Oak Lawn Woman is Cook County's First Case of West Nile Virus This Season

Health officials said mosquito pools in 61 communities, as well as three dead birds, have tested positive for the virus

View Comments (
)
|
Email
|
Print

    NEWSLETTERS

    AP

    The season’s first human case of West Nile virus in Cook County is a woman in her 40s from the southwest suburbs, health officials announced Wednesday.

    The Oak Lawn resident became ill earlier this month but did not require hospitalization, according to the Cook County Department of Public Health. She is recovering at home.

    "I can’t stress enough the importance of prevention during West Nile virus season," Cook County Department of Public Health COO Dr. Terry Mason said in a statement. "Every year, the virus circulates throughout suburban Cook County and while we can’t eliminate those mosquitoes, we all have the ability to take basic prevention measures to protect against human transmission."

    Mosquitoes, West Nile Virus & You [CHI] Mosquitoes, West Nile Virus & You The year's first batch of mosquitoes has tested positive for West Nile Virus. Nesita Kwan reports on simple ways to help protect your family.

    Department officials said mosquito pools in 61 communities, as well as three dead birds, have tested positive for the virus.

    Health officials said most people infected by the virus show no symptoms, but people over 50 or suffering a chronic disease are "at-risk for serious complications," according to CCDPH.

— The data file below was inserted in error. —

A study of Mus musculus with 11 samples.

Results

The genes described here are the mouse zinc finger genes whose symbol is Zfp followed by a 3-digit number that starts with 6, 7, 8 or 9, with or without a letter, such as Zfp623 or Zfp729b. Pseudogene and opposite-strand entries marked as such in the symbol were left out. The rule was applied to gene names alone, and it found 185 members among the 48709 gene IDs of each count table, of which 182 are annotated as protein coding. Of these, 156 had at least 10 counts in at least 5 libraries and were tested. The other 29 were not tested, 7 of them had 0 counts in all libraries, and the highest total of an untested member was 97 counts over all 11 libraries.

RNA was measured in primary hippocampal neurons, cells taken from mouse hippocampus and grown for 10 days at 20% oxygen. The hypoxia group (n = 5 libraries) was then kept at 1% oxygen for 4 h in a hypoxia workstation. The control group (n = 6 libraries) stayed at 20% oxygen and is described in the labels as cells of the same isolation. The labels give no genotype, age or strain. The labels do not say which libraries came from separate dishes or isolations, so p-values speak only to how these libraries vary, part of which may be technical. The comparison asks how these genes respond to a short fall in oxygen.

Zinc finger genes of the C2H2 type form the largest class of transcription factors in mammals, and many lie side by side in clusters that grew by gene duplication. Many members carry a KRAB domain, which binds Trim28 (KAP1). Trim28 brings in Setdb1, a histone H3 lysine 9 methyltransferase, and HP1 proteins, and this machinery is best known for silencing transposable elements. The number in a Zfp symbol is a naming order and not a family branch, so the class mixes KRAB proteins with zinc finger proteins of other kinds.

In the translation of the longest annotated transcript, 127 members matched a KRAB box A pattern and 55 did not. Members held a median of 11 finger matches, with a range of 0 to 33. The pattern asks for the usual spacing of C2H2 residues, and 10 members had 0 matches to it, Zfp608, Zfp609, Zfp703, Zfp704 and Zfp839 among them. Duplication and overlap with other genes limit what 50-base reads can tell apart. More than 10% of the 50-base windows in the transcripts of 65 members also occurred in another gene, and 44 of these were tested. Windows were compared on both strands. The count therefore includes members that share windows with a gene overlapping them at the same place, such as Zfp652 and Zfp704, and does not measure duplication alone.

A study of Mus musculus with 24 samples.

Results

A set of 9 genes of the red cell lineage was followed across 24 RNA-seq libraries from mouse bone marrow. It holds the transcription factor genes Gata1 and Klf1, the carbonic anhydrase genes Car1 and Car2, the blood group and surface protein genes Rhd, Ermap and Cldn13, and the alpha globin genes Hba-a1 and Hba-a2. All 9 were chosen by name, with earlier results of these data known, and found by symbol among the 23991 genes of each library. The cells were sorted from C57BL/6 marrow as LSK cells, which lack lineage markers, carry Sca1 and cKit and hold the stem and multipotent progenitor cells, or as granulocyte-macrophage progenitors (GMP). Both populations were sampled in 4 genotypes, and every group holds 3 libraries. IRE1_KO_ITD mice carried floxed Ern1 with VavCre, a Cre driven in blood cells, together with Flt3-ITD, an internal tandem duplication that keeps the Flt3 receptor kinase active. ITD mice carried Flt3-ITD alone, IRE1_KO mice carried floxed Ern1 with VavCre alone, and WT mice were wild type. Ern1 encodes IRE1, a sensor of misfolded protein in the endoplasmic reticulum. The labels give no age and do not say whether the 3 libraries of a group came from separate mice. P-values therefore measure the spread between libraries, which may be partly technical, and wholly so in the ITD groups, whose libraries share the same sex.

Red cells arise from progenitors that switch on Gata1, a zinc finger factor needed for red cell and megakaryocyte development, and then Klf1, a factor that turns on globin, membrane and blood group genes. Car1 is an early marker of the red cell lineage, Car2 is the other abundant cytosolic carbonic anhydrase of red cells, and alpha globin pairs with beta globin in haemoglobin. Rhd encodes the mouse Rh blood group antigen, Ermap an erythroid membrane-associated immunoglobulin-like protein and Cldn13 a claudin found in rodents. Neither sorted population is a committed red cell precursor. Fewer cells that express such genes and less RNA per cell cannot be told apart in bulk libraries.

The most effective way to prevent against becoming infected with WNV is to follow the 3 Rs, officials said. They are: 

    • Remove standing water around your home in pet bowls, flower pots, old tires, baby pools and toys. Water that is allowed to stagnate for three or four days become a breeding ground for mosquitoes.
    • Repel mosquitoes when outdoors between dusk and dawn by applying insect repellent with DEET and wear light, lose fitting clothing.
    • Repair or replace torn screens on doors and windows

    West Nile Still a Mysterious Ailment [CHI] West Nile Still a Mysterious Ailment Scientists remain unclear as to why 80 percent of those with West Nile Virus never show any symptoms while others get very sick. Nesita Kwan reports.

    News breaks at inconvenient times.  Download one of the NBCChicago mobile apps and have the news come to you. Watch live streaming newscasts, receive critical push notifications on the go and stay in touch with your city around the clock.